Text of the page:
On the back roads in West Kentucky, artisan ham makers like Charles Gatton Jr. continue traditions born of necessity before the days of refrigeration.
Gatton was about five years old when he started helping his father and uncle dry rub, cure and smoke hams made from the hogs raised on the family farm. The Gatton business, Father’s Country Hams in Bremen, Ky., first opened in the 1950s, but the Gattons have been making hams much longer than that. Gatton’s great great grandparents started the farm in the 1840 at a time when putting food up for the winter was part of farm life and many families had their own special cure recipes and techniques.
Now Gatton, using his century plus old family recipe, turns out not only country style hams but also bacons, pork cracklings and sausages. The work is labor intensive and the shrinkage from curing and aging (each ham takes about a year before it’s ready to be sold) is about 30 percent, meaning an 18 pound fresh ham might end up weighing 9 to 10 pounds by the time it’s ready to be sold. Though country hams can be salty (after all most dry rubs are salt, which is the preservative preventing the hams from spoiling during the aging process, along with sugar and maybe a little pepper), Gatton says his hams have less salt than many. In comparison to many grocery store hams where water and preservatives are injected, it’s a whole different taste thing.
“A lot of the way we do things hasn’t changed that much for more than a hundred plus years,” Gatton tells me as he takes me on a tour where we pass rafter after rafter hung with smoked hams, their color a beautiful rich pecan. The wooden walls are stained almost black from years of smoking and the aroma is of hickory wood and the salty sweet meaty flavor of the hams.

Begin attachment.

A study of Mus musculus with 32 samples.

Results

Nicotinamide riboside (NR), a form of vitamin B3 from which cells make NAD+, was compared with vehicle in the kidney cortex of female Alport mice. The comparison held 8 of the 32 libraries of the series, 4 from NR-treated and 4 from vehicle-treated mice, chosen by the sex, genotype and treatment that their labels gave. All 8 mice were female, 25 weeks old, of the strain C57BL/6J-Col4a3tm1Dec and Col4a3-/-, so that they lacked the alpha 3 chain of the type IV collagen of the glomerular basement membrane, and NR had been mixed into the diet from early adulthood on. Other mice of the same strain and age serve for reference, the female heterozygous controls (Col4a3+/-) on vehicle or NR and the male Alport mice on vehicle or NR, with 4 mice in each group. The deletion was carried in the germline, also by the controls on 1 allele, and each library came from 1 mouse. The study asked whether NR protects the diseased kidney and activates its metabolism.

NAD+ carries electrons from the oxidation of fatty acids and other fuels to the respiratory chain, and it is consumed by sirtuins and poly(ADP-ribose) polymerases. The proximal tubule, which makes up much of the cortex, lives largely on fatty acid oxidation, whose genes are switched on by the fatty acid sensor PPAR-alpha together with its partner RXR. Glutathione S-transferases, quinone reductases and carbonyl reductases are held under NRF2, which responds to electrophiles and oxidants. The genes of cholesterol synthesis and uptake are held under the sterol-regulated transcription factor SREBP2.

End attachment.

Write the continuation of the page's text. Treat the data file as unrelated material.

What has changed is there are a lot fewer dry smoked hams being made at home anymore. So now those carrying on this heritage are people like Gatton. For those wanting to try country hams, West Kentucky seems to be the place. Of the top five country ham producers in the U.S., one is in Virginia, one in Tennessee and the other three—Father’s, Broadbent Country Hams and Colonel Newsom’s Old Mill Store—in West Kentucky, all within an easy drive.
For more information about Father’s Country Hams, call (270) 525-3554 or visit fatherscountryhams.com.
The following recipes are courtesy of Father’s Country Hams.
Sliced Country Ham Slices
Sprinkle both sides of ham slices with brown sugar and black pepper. Brown both sides in skillet over low temperature. Cover for 5 minutes to tenderize.
Red Eye Gravy with Fried Country Ham
After ham is fried pour dripping into small bowl, add just enough hot water to skillet to dissolve residue, stir, let boil and pour into bowl. Place ham on hot biscuits and cover with the red gravy.
Mother Lorene Gatton's Corn Pudding
2/3 cup sugar
1 1/2 teaspoons salt
1/2 teaspoon white pepper
1 tablespoon cornstarch
4 cups corn
1 stick butter, melted
1-1/2 pints whipping cream
Beat eggs in blender. Add salt, sugar, black pepper and cornstarch and beat again. Pour mixture over corn. Add melted butter. Add whipping cream
Stir mixture. Pour in greased baking dish, drizzle butter on top. Bake at 325 degrees for 1 hour.
Country Ham Salad
1 package ground country ham
1 cup salad dressing or mayonnaise
1/2 cup sweet pickle salad
1 teaspoon pure prepared mustard
Optional: You may use diced pimentos, water chestnuts, and chopped celery
Mix well. Serve on rye bread, crackers and or stuffed in ripe tomatoes for a salad.
Country Ham Balls
2 pounds ground country ham
1 pound pork sausage
1 cup dry bread crumbs
Mix ingredients together and add enough milk to roll into balls.
Sauce for Father's Country Ham Balls
2 cups brown sugar
1 tablespoon prepared mustard
1 cup water
1 cup white vinegar
Mix together in a saucepan and bring to a boil. Pour 1/2 or more over ham balls and bake in a preheated 350 degrees until firm.